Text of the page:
Living with narcolepsy

Senior Tarleshia Jean-Pierre going through what is known as a sleep attack.

A.J. Hairston

Senior Tarleshia Jean-Pierre going through what is known as a sleep attack.

A.J. Hairston, Photographer


The explanation usually triggers the response: “I wish I had that” or the question “Are you allowed to drive?” Few people understand narcolepsy, but many are diagnosed with it each year.

Feeling alone with narcolepsy is common with people who suffer from this sleep disorder.

Tarleshia Jean-Pierre
Feeling alone with narcolepsy is common with people who suffer from this sleep disorder.

Narcolepsy is a chronic sleep disorder that affects 1 in approximately 2,000 people in the United States. It deals with the brain’s inability to regulate sleep/wake patterns that can cause sudden sleep attacks. When sleeping, brain waves slow down. This state is known as non-rapid eye movement or NREM sleep.

After an hour or so of sleep, the average human body goes into rapid eye movement or REM sleep, the state in which people have dreams. People with narcolepsy enter REM sleep without first going through NREM sleep, which can be rephrased as a sleep attack. Sleep attacks for narcoleptics can last anywhere from seconds to minutes. Its symptoms can range from slight to extreme.

In 2008, I was diagnosed with narcolepsy without cataplexy, which means I have sleep-attacks, excessive daytime sleepiness or EDS, and dream-like hallucinations. An extreme case is narcolepsy with cataplexy which causes loss of voluntary muscle control. Slurred speech and total body collapse accompany this, depending on the muscles involved. These symptoms are normally triggered by intense emotions such as anger, surprise, or even laughter.

Some people fail to grasp that narcoleptics are physically and mentally unable to stay awake. The name for a sleep attack originates from the fact that it comes out of nowhere at full throttle. At one second you will feel perfectly fine, alert and awake. The next second, however, you’ll feel as if you are ready to take the nap of your life. While people might call this laziness, narcoleptics want to stay awake and finish their responsibilities, but sometimes, this task proves impossible.

As bad as the critics state, narcoleptics manage just like ordinary people. I was diagnosed as a kid, so I was able to adjust many different methods to go through daily life. Sleeping at decent times prove to be common advice from doctors. For some people, this may seem like a simple task, but I was rebellious when it came to bedtime. Even now at the age of 17, my bed time does not even come close to what the doctor recommends.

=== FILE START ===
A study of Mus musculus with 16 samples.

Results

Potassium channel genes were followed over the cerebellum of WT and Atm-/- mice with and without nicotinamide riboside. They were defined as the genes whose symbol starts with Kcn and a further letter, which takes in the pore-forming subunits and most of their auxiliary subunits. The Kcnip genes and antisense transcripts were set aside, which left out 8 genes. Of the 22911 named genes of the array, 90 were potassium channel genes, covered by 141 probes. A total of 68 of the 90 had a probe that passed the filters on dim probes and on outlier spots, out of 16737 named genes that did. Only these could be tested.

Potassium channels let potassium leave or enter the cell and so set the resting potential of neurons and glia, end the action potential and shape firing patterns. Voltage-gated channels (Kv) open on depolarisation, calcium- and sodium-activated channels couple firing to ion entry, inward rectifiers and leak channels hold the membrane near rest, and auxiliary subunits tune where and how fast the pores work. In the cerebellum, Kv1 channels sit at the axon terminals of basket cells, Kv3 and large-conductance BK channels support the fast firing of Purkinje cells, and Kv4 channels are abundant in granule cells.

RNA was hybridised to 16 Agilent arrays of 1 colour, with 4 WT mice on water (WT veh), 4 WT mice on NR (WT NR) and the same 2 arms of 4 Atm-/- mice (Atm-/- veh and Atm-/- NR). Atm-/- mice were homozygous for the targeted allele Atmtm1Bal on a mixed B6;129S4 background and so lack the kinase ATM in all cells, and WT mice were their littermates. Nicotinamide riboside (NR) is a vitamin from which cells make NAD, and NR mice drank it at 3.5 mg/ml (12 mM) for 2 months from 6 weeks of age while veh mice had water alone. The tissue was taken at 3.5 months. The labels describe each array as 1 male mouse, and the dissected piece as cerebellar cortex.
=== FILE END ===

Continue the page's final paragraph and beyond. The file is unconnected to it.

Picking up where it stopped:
The place narcolepsy affected me the most was school. For almost every teacher I have had since fifth grade, I was their first student to have narcolepsy.

My first teacher to notice was my fifth grade teacher, Mr.Cook. When I explained to him the reason why I constantly slept in his class was because of my narcolepsy, he said, “Well, I guess we’ll have to come up with some ways to keep you awake then.”

WordItOut-word-cloud-841227A.J. Hairston

While this may seem reasonable, his true intentions were to persistently squirt me with a spray bottle, attack me with noisemakers, and throw his rubber balls at me. Over the years, most of my teachers acted like Mr.Cook and were more than willing to help me with my narcolepsy. Mr.Cook was the only one who ever used those methods, but even after that, he was by far one of my favorite teachers.

Although the disorder has plagued me for six years, I still tend to ignore it. I am able to overcompensate my control of the disorder. Some days, if I wake up and feel fine, I neglect to take my medicine. However, when I do this, I miss most of school because I fall into a deep sleep during class. I hate taking medication, but because of narcolepsy, without it I will be dozing off constantly. If I fail to, I never know what will happen next.

When I was first diagnosed my doctor, Dr. Ghazala Quraishi, a certified neurologist at Fusion Sleep told me:

“Because narcolepsy isn’t known to many, there will be people who mistake your sleeping for other things, so don’t be ashamed to tell them about what you have.”

Out of all of the years of living with narcolepsy, I have only met one other narcoleptic. Eventually, I wanted to know how other people dealt with the disorder, so I joined an online support group for narcoleptics called “Living with Narcolepsy.” At first, I was reluctant to join because the last one I joined was unstimulating and offered little support.

The members of “Living with Narcolepsy” were actually helpful and talked about real problems that accompany the disorder. The topics ranged from reactions to different medicine, all the way to tips and tricks that people used to stay awake at school, work, and even at home. Because a majority of the members were adults, their problems were of more importance than those of a teenager.

Living with narcolepsy is a constant struggle, but one that can be easier if people around narcoleptics understood more about the disorder. Check out a helpful infographic that can explain what narcolepsy is and is not below.